DJ Dante knows how to pleasure the ladies. With a molasses-dipped, smooth as satin growl, his voice rumbles over the airwaves Wednesday nights to caress the ears of his loyal New Haven fan base.
“You’re listening to the sweet and mellow sounds of the Love Zone on 94.3 WYBC,” he says, a slight decrescendo at the tail of his words. “I’m promising you one sweet and melodious hour.”
Part Barry White, part Babyface, Dante fires the inferno of desire, and his smoky voice has been rewarded with rising ratings from his heavily black and female, 30-something fan-base.
All of which amuses the friends of Matthew Louchheim ’04, a skinny, white prepster and self-described “neo-conservative,” also known as the daylight personality of the moonlight Dante.
“Hysterical, hysterical contrast between Dante and the everyday Matt Louchheim,” said Dustin West ’04, Louchheim’s co-host on a daytime AM WYBC talk show. “He’s crazy. As far away from being a smooth, southern mix of Barry White and Marvin Gaye as he could be.”
The California native — yes, he voted for Schwarzenegger — and outspoken former president of Yale College Students for Democracy, Louchheim has led a double life for the past two years. During the day, he’s a right-of-center Ivy Leaguer. But on Wednesday nights from 9 p.m. to midnight, he’s an urban DJ spinning Motown and R&B and plugging black love seminars on New Haven’s second highest-rated FM radio station.
“Dante is my alter-ego,” Louchheim said, no trace of Dante in his voice. “He is the urban man from within.”
Perhaps the oddest couple of personalities since Dr. Jekyll and Mr. Hyde, Louchheim and Dante together DJ one of the most popular time slots on WYBC’s commercial FM station. And more amazing yet, Dante draws listeners for an average of 1.5 hours at a time, a very long listening block, Juan Castillo, the station’s FM programming director, said.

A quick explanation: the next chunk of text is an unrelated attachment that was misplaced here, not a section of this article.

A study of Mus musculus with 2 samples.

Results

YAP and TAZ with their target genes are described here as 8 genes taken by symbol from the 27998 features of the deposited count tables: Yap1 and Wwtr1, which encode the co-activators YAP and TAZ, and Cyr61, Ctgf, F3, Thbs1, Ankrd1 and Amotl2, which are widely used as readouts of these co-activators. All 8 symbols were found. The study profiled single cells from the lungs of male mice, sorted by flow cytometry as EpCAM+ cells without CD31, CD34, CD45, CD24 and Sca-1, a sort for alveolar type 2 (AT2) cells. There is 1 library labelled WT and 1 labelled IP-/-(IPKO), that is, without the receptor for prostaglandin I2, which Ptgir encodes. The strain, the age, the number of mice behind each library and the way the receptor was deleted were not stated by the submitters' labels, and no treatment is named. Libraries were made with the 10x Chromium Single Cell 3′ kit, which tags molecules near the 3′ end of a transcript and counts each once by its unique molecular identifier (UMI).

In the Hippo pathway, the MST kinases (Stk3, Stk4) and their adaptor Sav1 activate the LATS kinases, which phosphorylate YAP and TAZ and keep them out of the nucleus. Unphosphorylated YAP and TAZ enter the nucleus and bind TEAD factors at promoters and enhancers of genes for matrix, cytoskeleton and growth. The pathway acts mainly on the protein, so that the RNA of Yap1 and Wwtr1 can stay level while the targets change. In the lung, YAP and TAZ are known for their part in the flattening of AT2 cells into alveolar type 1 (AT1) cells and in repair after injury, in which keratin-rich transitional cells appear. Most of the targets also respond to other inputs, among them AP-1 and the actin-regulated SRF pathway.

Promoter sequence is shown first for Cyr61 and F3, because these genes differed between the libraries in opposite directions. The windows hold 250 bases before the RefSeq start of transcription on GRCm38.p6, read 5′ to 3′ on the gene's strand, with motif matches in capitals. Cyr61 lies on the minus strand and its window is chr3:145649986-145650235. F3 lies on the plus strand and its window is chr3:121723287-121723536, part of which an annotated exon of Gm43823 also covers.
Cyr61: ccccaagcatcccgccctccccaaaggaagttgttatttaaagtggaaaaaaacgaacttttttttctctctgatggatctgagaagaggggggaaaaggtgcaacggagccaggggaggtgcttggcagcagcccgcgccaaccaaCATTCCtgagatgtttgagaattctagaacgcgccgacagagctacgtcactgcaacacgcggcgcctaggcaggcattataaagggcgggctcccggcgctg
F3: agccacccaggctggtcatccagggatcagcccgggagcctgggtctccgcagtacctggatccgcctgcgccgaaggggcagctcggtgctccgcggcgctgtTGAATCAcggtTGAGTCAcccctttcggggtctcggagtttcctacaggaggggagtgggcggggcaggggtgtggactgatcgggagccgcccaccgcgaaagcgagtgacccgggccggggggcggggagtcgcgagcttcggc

“He has developed this New Orlean-ish, southern style of delivery that is very pleasing to the females,” Castillo said. “The ratings have gone up since he has taken over.”
Louchheim, who began his work with WYBC freshman year as a completely inexperienced training director, said he never planned to become a music DJ. In his spare time, he favors 1980s rock bands such as The Cars over R&B.
At first, Louchheim said he hoped to bring his then-Libertarian viewpoint to the Yale community through talk radio. Eventually he began hosting his own AM talk show, “Dissenting Infotainment,” which still offers conservative perspectives with an entertainment spin.
One opportunity led to another, and when a slot opened up on the commercial station his junior year, Louchheim jumped for it. Dante arose from the odd combination of 16th century Italian poetry and the need for a smoother radio personality.
“Quite frankly, ‘Matt’ does not sound sexy enough,” he said.
Dante, however, added the necessary sinful love ingredient that allowed Louchheim to have fun embellishing the dedications and requests he takes during the “Love Zone.” Occasionally, he even reads bits of his literary namesake’s poetry on air.
“I had this one woman call back and say, ‘Dante, that was dirrrty,'” Louchheim said with a smirk on his face. “And I say, ‘Yeah, but did you like it?’ And she paused and said, ‘Yeah.'”
Few of his listeners probably realize that Dante is actually Louchheim, a Yale senior readying his cap and gown. But Louchheim said he does not feel he is deceiving the listeners — far from it, he said he is providing entertainment.
“People are surprised when they see me,” he said. “All radio personalities deceive their listeners. It’s entertainment, just as people act.”
A handful of his loyal listeners — all of whom are Berkeley dining hall workers — do know the man behind Dante, but still refer to him by his radio moniker.
Shaina Baugh, a New Haven resident who works in Berkeley dining hall, has called in to Dante’s show several times to request songs and is an avowed fan of his.
“That’s my boy!” Baugh said, her whole face lighting up. “He’s a very, very good DJ. He was playing all the right music.”
And for Louchheim, the experience has been much more than immersion into the world of music radio. Louchheim said he has interacted with and come to relate to a segment of the New Haven community he would have been fairly isolated from without Dante and WYBC. In addition to talking with the people who call for requests, he trains community members to become volunteer DJs.
“WYBC is one of the few Yale organizations where students and community members interact in a completely organic way,” Louchheim said.
Bough said she was so impressed with Dante that she called the station and hopes to become a volunteer DJ there.
But sadly, Dante’s days are numbered — Louchheim will soon be off to become a manager at an industrial supplies distribution company based in Los Angeles, leaving his inner urban man behind him in New Haven. Or simply tucked away somewhere inside his brain, waiting to emerge should the situation call for him.
“Dante’s got a few more shows left,” Louchheim said. “Something will be in the works.”